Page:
Have you ever lived in a bedroom without a window? They're not rare, especially in student housing, including in Austin, Texas, where developers have built thousands of them. But as Audrey McGlinchy with member station KUT reports, Austin is now taking aim at bedrooms without windows.

AUDREY MCGLINCHY, BYLINE: Juan Miro teaches architecture at the University of Texas at Austin. Every year, he gives his undergrads an assignment - draw the window in your bedroom.

JUAN MIRO: I had students that'd tell me, I don't have a window in my bedroom. I'd say, what do you mean? That's impossible. That's illegal.

MCGLINCHY: Miro is originally from Spain. He's lived all over. He knows having a bedroom with no access to natural light is illegal in many places - Mexico City, New York, Chicago - but not in Austin. The city's building code gives developers an option.

MIRO: They say, you need to have natural light according to this section - da, da, da - or artificial light according to this section.

MCGLINCHY: Since natural light is not required in bedrooms, developers have built thousands of windowless ones, mostly in student apartments. If you don't need a window, you can build more bedrooms. More bedrooms means more housing and also more profit for the builder. KUT reached out to half a dozen developers who have built windowless bedrooms in Austin. None would talk to us.


UNIDENTIFIED REPORTER: Thought your college dorm was bad? Check out this proposed windowless mega dorm at UC Santa Barbara.

MCGLINCHY: In 2021, the University of California at Santa Barbara announced it would build a mostly windowless dorm with the help of a wealthy donor. The plan was eventually scrapped after a huge public outcry.

ZO QADRI: And I remember thinking to myself, oh, my God, that's awful.

MCGLINCHY: This is Austin councilmember Zo Qadri. After years of advocacy from Miro and students, Qadri led the effort to prohibit the construction of windowless bedrooms. Last week, the city council passed the ordinance. The change goes into effect next month with one exception. Developers will be able to build windows that let in, quote, "borrowed light," so a window that faces another room with natural light. When councilmember Qadri took up this item, he thought of his two sisters. Both lived in windowless bedrooms as students, one still does. Qadri says she sometimes asks to spend the night at his apartment.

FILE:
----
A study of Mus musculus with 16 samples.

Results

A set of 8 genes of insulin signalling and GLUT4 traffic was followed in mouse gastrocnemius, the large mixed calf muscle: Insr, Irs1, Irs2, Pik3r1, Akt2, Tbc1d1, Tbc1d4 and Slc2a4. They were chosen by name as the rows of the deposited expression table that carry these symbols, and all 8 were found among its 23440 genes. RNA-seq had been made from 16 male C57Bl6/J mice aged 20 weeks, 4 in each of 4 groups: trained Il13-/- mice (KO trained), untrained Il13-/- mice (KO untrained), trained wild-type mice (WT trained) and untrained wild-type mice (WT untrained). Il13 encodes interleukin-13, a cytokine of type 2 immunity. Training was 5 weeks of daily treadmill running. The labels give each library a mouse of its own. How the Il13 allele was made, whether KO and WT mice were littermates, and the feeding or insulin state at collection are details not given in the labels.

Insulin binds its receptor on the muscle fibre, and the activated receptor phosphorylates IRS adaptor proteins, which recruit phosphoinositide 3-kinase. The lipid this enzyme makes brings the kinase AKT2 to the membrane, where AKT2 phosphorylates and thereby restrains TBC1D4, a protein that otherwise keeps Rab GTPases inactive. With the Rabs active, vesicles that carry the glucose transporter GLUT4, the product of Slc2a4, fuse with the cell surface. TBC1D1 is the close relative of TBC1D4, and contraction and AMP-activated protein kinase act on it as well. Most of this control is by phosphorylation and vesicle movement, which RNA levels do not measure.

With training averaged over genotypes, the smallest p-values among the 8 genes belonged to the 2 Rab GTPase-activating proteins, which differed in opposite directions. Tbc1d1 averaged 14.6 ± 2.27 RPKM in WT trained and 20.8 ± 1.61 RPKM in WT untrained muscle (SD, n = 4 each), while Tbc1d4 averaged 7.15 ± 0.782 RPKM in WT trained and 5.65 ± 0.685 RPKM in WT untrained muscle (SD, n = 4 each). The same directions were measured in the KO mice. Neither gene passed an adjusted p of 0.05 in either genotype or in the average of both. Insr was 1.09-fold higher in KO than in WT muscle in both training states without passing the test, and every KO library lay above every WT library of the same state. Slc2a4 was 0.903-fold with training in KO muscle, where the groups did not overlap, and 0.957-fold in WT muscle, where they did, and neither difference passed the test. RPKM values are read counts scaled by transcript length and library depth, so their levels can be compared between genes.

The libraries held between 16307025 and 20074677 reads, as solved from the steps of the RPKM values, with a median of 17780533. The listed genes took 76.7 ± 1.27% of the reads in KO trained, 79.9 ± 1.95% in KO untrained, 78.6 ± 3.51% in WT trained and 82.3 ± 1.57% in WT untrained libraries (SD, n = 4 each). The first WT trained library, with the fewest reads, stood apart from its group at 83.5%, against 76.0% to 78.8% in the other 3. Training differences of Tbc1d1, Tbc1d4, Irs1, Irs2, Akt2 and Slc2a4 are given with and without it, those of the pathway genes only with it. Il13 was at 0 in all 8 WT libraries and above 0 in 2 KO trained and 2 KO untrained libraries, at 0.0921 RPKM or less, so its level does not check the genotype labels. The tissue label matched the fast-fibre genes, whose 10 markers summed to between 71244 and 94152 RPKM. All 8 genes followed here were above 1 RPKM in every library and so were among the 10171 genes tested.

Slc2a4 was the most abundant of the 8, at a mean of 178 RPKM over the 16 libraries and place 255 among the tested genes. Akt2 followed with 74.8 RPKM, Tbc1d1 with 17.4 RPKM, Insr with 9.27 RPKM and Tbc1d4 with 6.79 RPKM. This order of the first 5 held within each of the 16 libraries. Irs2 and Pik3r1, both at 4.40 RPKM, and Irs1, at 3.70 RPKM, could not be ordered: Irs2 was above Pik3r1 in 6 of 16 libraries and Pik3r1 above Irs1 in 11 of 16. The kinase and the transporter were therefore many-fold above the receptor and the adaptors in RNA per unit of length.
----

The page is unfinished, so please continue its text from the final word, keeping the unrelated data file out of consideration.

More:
QADRI: I think it really does affect the mental wellbeing and the mental stress of the student.

MCGLINCHY: Numerous studies by psychologists show that natural light helps people feel more alert, less depressed and regulates our carcadian rhythm, the internal clock that tells us when it's time to sleep or wake up. Without a window, you can lose sense of time. Julia Mahavier knows this feeling well. The senior at UT Austin rents a windowless bedroom at a private building off campus.

JULIA MAHAVIER: I'm waking up and it's completely pitch-black. I don't know what the weather is. I don't know what it looks like outside.

MCGLINCHY: It was sunny the day I met Mahavier at her apartment. To get a sense of what it's like living in a windowless bedroom, I asked her to turn off the lights.

Whoa. It is very dark in here.

I could barely make out my own hand. Recently, one of Mahavier's roommates moved out, leaving behind a bedroom with a window.

MAHAVIER: I literally just took my bedding and plopped it on here and my alarm clock, and that's it.

MCGLINCHY: She's been sleeping in her roommate's old room for the past couple of weeks, just her sheets, an alarm clock and, yeah, a window. For NPR News, I'm Audrey McGlinchy in Austin.


NPR transcripts are created on a rush deadline by an NPR contractor. This text may not be in its final form and may be updated or revised in the future. Accuracy and availability may vary. The authoritative record of NPR’s programming is the audio record.

Audrey McGlinchy is the City Hall reporter at KUT, covering the Austin City Council and the policies they discuss. She comes to Texas from Brooklyn, where she tried her hand at publishing, public relations and nannying. Audrey holds English and journalism degrees from Wesleyan University and the City University of New York. She got her start in journalism as an intern at KUT Radio during a summer break from graduate school. While completing her master's degree in New York City, she interned at the New York Times Magazine and Guernica Magazine.